Few realize it, but New Jersey's southern counties could take a legitimate place among the pantheon of influential sites in preserved food technology. As we learned this summer from our visit to Upper Deerfield Township, Seabrook Farms was a pioneer in flash freezing vegetables and became America's largest frozen food processor. However, the groundbreaking work of Clarence Birdseye and C.F. Seabrook was preceded by another technology that helped millions of homemakers preserve the bounty of their farms and gardens without refrigeration.
Yup, the Mason jar was born in New Jersey, invented in 1858 by a Vineland native named John Landis Mason. To be fair, he was already established as a metalsmith in New York City when he came up with a practical way to extend the shelf life of preserved produce, but he returned to his native state to bring the concept to reality. It wasn't loyalty, just practicality that brought him back: he needed a good jar, and South Jersey's glass industry was in its heyday, with several factories using the local sand to turn out a superior product.
Mason was building on the work of Frenchman Nicolas Appert, who, nearly 50 years earlier, had theorized that the act of heating food would sterilize it to prevent spoilage. It wasn't known why -- Louis Pasteur wouldn't perform his groundbreaking work in germ theory until the 1860s -- but inventors quickly sought ways to capitalize on Appert's findings. The tin can was introduced as a storage option a few years later, but the technology wasn't practical for those who wanted to preserve their own food, nor was the food inside the cans visible. Others had come up with canning methods using cork and wax, both of which proved problematic.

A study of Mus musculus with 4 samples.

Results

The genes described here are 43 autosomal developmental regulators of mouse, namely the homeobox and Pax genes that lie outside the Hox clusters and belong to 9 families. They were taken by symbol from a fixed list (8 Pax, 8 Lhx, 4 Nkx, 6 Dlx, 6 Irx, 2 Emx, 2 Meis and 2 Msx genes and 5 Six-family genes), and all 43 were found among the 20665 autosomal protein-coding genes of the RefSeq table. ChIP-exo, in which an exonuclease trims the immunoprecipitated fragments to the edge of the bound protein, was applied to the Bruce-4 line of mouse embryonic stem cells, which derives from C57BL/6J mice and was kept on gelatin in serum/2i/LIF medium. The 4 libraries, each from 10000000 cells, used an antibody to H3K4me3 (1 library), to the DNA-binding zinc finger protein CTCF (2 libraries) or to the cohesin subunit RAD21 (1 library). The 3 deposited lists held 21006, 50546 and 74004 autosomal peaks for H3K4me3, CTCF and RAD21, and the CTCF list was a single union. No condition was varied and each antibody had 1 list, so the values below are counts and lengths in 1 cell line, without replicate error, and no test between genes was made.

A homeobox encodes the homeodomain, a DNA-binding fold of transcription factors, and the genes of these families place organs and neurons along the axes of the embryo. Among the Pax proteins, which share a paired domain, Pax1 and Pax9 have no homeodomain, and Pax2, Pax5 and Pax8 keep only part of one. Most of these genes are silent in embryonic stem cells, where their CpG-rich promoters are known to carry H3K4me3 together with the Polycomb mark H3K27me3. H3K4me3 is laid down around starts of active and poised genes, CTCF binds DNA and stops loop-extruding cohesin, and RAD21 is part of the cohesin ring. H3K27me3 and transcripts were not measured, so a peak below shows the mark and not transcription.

Going a step farther, Mason designed a porcelain-lined zinc lid that would form a protective seal as the food cooled within the glass container. That, however, required a jar that could receive the lid effectively. Mason chose to work with Samuel Crowley, whose glassworks were on the Mullica River not far from Batsto. Outlining his concept, Mason asked if Crowley could make a jar with a threaded mouth that could accept a screw-top lid. Not long after, master glassblower Clayton Parker produced the prototype jar, and a month later, Mason received the patent for the jar that bears his name.
Having proven that the practicality of his concept, Mason returned to New York and went into business with partners there to manufacture his new invention. He eventually returned to New Jersey, moving his family to New Brunswick and working with the Consolidated Fruit Jar Company, which gained rights to his invention. According to the Encyclopedia of New Jersey, he later patented a soap dish and a life raft, but to my knowledge, those have fallen into oblivion.
Today, "Mason jar" is one of those iconic names that has stuck to a group of products, despite the fact that other manufacturers have become far more prevalent. Some still use them for canning, others as beverage glasses. However you come upon them next, take a moment to raise a drink -- or some preserves -- to the man from Vineland who made them possible.